At the end of every Yves Saint Laurent show, the designer would take the same glittery, heart-shaped brooch and fix it to one of his outfits. That brooch sits in a case at the end of Yves Saint Laurent: The Retrospective, now open at the Denver Art Museum.
The case is dark, so you catch only glimpses of the fist-sized pin, flickering like a heartbeat, as a spotlight flashes on and off. But Florence Müller, chief curator of the exhibit and a fashion writer and historian, can shed more light. Wearing her own black Yves Saint Laurent dress and speaking with a heavy French accent, she explains to assembled media that the late designer saw it as a charm, to bring luck to the collection.
"There is also this idea of giving love to the woman," she adds. "By offering style to the wardrobe of the woman, he was giving them love, his love."
I promise it doesn't spoil the finale of The Retrospective, but it does punctuate the 200-piece exhibit sweetly. A palpable thread of tenderness runs through the show; you can find it in the details visible in the garments crowding the galleries, video of Saint Laurent's final runway show in 2002, and his reconstructed design studio, humble as a worker's of any stripe, says Müller.
You can also find it in the images from Saint Laurent's famous nude photo shoot, advertising the launch of his first cologne. Müller says the photos possess a touch of femininity, and, with the presence of a halo-like glow behind the designer's head, a suggestion of saintliness beyond his surname.
The photos share a room with the late designer's infamous spring-summer 1971 collection, an homage to the "sophisticated femininity" of World War II-era clothing. The heels, red lipstick, elaborate coifs and hourglass shaping didn't sit well with contemporary critics: Not only was Saint Laurent recalling a painful era, its sensibilities were woefully dated for a time informed by free-flowing hippie fashion.
The collection flopped — until the designs were reworked for more mainstream buyers (known in the industry as a ready-to-wear collection). Then it became a commercial success, one of many in the designer's career.
Firsts and philosophy
Born in Algeria in 1936, Saint Laurent got his start in fashion at the very top, as a designer at Christian Dior. Shortly before Dior's sudden death in 1957, he named the 21-year-old Saint Laurent his lead designer. He led the world's top fashion house for a few years before founding his own in 1961.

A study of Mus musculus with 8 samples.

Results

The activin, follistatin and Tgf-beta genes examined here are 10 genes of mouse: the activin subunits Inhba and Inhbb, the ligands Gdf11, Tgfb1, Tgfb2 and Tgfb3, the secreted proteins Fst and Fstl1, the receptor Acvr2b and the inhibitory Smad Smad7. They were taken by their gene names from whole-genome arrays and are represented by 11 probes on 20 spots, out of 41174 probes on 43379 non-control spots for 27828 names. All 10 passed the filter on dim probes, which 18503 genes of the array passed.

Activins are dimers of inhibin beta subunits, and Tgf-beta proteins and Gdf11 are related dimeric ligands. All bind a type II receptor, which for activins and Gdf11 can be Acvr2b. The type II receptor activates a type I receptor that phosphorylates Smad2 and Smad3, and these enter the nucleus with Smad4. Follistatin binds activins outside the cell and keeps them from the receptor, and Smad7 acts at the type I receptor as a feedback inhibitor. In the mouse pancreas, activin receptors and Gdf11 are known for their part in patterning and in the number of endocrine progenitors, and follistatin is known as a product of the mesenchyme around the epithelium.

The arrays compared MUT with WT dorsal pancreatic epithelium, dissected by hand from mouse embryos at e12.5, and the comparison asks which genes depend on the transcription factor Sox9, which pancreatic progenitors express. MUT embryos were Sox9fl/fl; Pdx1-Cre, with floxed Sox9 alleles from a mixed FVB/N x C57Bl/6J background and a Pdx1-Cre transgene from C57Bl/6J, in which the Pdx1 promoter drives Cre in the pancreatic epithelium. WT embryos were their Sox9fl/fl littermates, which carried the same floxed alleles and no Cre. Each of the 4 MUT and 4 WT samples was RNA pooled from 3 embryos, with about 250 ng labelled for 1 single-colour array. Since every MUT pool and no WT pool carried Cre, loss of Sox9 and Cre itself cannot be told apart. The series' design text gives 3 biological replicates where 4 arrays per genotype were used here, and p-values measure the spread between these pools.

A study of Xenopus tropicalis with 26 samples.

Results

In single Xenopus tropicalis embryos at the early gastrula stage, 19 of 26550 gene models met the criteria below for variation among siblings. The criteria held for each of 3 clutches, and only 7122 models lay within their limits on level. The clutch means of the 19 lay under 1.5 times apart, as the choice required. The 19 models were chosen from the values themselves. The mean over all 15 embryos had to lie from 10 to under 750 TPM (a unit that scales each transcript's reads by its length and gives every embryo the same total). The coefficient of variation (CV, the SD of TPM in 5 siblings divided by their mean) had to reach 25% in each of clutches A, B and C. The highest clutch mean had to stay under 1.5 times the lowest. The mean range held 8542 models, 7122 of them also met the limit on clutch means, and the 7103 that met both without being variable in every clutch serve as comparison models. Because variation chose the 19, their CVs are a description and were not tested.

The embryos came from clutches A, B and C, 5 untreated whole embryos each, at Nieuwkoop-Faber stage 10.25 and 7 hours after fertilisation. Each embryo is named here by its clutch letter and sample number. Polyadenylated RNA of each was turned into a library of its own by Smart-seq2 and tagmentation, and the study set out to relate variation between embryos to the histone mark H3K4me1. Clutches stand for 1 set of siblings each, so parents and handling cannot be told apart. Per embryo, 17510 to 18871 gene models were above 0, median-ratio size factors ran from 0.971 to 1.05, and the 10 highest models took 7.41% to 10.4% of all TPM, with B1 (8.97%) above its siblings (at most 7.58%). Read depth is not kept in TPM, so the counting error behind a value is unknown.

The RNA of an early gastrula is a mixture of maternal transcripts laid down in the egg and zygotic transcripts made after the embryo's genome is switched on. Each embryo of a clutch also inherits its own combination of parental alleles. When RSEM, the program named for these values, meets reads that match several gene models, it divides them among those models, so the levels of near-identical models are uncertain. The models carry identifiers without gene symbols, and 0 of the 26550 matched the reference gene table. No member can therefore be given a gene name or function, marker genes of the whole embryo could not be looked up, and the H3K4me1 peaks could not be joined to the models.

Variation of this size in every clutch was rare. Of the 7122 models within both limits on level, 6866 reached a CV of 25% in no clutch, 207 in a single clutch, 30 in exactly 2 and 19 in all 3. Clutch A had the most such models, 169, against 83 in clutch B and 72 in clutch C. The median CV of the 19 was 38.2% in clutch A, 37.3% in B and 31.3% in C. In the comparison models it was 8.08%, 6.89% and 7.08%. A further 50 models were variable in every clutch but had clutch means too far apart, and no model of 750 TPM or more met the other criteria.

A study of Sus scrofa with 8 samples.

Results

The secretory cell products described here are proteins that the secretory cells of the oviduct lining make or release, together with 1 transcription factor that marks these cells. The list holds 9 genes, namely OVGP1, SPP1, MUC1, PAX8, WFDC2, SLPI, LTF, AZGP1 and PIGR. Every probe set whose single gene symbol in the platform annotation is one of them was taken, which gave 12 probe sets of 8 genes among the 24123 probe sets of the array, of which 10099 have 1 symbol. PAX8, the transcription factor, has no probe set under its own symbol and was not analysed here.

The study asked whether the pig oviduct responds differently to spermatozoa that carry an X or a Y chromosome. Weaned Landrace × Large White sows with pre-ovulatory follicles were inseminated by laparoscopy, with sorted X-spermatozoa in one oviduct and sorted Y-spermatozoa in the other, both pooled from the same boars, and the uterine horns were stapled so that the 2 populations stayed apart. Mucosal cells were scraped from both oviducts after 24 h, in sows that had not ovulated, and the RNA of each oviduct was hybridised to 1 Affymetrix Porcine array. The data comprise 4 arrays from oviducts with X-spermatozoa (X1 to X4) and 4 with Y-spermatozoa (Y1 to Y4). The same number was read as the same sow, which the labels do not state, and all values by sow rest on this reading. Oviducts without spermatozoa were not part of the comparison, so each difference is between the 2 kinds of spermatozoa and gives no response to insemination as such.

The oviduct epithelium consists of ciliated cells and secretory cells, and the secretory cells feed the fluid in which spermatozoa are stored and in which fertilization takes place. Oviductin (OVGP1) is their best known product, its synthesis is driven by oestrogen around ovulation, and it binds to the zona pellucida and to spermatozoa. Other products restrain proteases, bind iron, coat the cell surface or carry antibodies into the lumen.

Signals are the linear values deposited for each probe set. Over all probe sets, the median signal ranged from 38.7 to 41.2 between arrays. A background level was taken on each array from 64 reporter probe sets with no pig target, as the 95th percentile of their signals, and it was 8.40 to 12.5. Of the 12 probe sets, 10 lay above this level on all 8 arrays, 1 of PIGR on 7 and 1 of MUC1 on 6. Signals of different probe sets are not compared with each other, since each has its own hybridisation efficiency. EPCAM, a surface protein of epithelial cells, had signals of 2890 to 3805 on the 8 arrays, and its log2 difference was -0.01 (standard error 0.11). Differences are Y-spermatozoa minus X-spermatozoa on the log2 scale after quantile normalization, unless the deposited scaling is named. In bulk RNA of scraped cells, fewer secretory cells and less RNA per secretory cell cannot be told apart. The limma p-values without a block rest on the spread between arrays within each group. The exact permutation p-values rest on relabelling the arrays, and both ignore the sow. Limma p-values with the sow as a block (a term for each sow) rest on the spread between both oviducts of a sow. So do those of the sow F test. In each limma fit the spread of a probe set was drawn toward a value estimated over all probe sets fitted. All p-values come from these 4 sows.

Saint Laurent was the first to design full ready-to-wear lines, and to use ethnic models on the runway. Another one of his biggest firsts arrived in 1966 when he unveiled "Le Smoking" — tuxedos for women.
Though hard to imagine now, the exhibit takes pains to demonstrate how in the '60s and '70s, wearing pants was courageous and difficult for women. Not only was Saint Laurent a seminal figure in changing that, says DAM museum director Christoph Heinrich, he also shaped the way men look at women in pants.
"A great designer is reacting to his time, and is shaping his time, both."
Saint Laurent was the first, and one of the only, to successfully integrate fine art into fashion. Standing in a room next to dozens of other breathtaking garments is his iconic Mondrian dress, a cocktail gown of square panels in red, white, blue and yellow honoring Piet Mondrian's geometric abstract paintings.
To properly transfer a flat painting to a 3D object inhabited by a body wasn't just a matter of pattern, says Müller. To uphold the formal philosophy behind Mondrian's work (value derived from form) and high fashion, Saint Laurent built the 1965 dress piece by piece, like a patchwork. "It's the first time that you have such an encounter with the world of art and the world of fashion," says Müller.
Surrounding the Mondrian dress stand tributes to Picasso, Léger, Matisse and Braque. There are also two jackets painstakingly embroidered with shimmering beads and sequins, creating irises on one, sunflowers on the other. Dizzying in their beauty and movement, they replicate the undulating whorls in, and capture the spirit of, Van Gogh's paintings.
"I think it really shows this creative mind, that worked like an artist," says Heinrich. Like the other speakers on the media tour — which included Pierre Bergé, Saint Laurent's longtime partner and co-founder of the foundation archiving his clothing — he speaks of Saint Laurent as doing everything an artist would do, but always refers to him as a couturier — a designer.
Müller likens Saint Laurent to Andy Warhol, in that the latter took items from the supermarket and made them fine art, while Saint Laurent took fine art and made it fashion. Furthering her point, a Warhol portrait of Saint Laurent hangs near the art garments. It's there on loan from Bergé's own office.
Denver is the retrospective's only stop in the country. Heinrich has heard talk of it going to Brazil following its July close.
"It's a wonderful opportunity for the museum, and quite honestly, this is why we built this building," Heinrich says of the Frederic C. Hamilton Building, which opened in 2006. "To host shows like this. To host shows of world class."
What renowned architect Daniel Libeskind created for the DAM is a far cry from the retrospective's first host, the Petit Palais in Paris. The 1900-built museum is a "jewelry box," says Heinrich, who confesses he wasn't sure how to translate the show to an ultra-modern stage. However, Müller and the exhibit team found that the DAM's contemporary environment highlighted the timelessness of the clothing.
Saint Laurent created classics through contradictions: He valued black and color; the modern and the past; the masculine and the feminine; of his time and before his time. During the tour, Heinrich himself was wearing a vintage YSL tie.
"I think each and every model," he says, "you just could take up right away and wear it, and nobody would see that it's 40 years old, 50 years old."